Introduction to Working with Layers

Imagine you want to compose an image from several images that you've stored on your computer. Well, you can do just that! The process is similar to the production of animated cartoons. You begin with a background image. Then you place one or more transparent foils (which are layers comprising image elements on top of transparent backgrounds) on the bottom, or opaque, background layer. A stack, a collage of single images, is created, one on top of the other. Certain file formats let you save those images with foils and layers, to a single file. The layers remain as single images in this one file, so they can be edited and altered afterward. During the editing process, you can move these layers to the front or the back of the image to determine which layer should overlay the other. In GIMP, file formats for saving images with layers are XCF and PSD.

Figure 3.6

The layers of a collaged image: (1) aircraft, (2) shadow (of the aircraft), (3) hangar, (4) window pane (layer with glass effect showing through, almost transparent), and (5) background with landscape

Figure 3.6

The layers of a collaged image: (1) aircraft, (2) shadow (of the aircraft), (3) hangar, (4) window pane (layer with glass effect showing through, almost transparent), and (5) background with landscape

To edit images with layers in GIMP, access the Layers dialog in the Layers, Channels, and Paths dock. If it isn't present, you can call it up by choosing Windows > Dockable Dialogs or Windows > Layers, Channels, Paths, Undo from the image window.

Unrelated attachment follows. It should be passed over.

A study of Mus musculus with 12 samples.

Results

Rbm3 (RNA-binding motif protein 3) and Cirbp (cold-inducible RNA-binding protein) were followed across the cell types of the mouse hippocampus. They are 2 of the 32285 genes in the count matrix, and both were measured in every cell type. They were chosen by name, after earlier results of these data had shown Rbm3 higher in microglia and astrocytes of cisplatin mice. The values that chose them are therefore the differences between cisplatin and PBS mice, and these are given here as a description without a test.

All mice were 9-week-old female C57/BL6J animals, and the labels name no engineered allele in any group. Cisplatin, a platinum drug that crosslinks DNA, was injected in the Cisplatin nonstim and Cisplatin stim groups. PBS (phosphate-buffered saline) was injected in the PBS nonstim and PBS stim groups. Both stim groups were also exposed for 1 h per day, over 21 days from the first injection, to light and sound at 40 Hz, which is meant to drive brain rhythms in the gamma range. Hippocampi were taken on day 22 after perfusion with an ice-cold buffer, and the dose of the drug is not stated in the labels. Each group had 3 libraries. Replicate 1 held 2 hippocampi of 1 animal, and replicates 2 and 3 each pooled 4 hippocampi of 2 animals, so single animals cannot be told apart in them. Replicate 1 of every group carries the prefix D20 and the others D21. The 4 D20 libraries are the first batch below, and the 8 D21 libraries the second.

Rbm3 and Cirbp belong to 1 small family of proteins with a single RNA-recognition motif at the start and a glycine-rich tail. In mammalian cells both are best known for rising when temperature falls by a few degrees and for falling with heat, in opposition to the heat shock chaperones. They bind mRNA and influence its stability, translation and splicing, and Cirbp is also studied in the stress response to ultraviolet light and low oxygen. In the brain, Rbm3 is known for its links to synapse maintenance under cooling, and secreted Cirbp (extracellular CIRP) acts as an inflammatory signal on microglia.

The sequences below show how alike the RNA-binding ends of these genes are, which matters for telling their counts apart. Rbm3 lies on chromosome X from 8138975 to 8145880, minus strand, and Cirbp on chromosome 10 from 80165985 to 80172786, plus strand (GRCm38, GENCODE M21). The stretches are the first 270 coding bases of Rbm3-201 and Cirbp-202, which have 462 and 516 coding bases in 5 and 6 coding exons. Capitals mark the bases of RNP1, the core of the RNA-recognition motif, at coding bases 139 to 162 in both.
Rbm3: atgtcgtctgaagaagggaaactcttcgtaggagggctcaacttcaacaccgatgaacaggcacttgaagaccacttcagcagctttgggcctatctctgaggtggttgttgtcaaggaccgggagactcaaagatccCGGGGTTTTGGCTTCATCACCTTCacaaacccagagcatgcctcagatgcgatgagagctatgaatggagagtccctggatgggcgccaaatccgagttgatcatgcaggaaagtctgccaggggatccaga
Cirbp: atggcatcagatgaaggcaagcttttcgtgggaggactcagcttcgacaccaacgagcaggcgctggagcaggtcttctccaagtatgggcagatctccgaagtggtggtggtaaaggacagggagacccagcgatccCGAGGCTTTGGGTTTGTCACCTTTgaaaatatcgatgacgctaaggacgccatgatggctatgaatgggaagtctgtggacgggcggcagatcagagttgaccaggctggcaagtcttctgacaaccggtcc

3.3 I N TRODU C TI ON TO WORKI N G WI TH LAYERS

Figure 3.7

Finished image (see layers.xcf in the FinishedImages folder on the DVD) and Layers dialog

There are several advantages to working with layers:

• Images with layers can be composed (collaged) from a stack of image elements on transparent foils.

• Layers can be easily duplicated.

• Layers are independent of one another so they can be freely positioned and changed.

• Layers can be linked and edited jointly in order to scale them simultaneously at the same ratio. Afterward, remove the link to edit the layers individually.

• The order in which the layers are stacked can be changed; this enables you to create depth by placing one image on top of another.

• Layers can have transparent areas so that objects can be placed on top of your image without covering the background. Image objects on layers beneath are visible through the transparent image area. Transparent areas with no subjacent image object visible depict a gray-and-white checkered pattern.

• The opacity of layers can be changed (opaque, semi-opaque, or translucent). Translucency allows you to see through an image element.

Figure 3.7

Finished image (see layers.xcf in the FinishedImages folder on the DVD) and Layers dialog

This is of great importance when working with selections and layers.

An image object is bound to a layer. A selection isn't. You can create a selection on one layer and apply it to any other layer. It works only on the active layer. The active layer is the layer that is selected. Therefore, it is marked in the Layers dialog by a different color. However, only when you carry out a work step (i.e., filling, color corrections, or copying) does something happen on the chosen layer. When copying, this isn't even an alteration of the image content of the selected layer. Only through a subsequent insertion will something visible happen.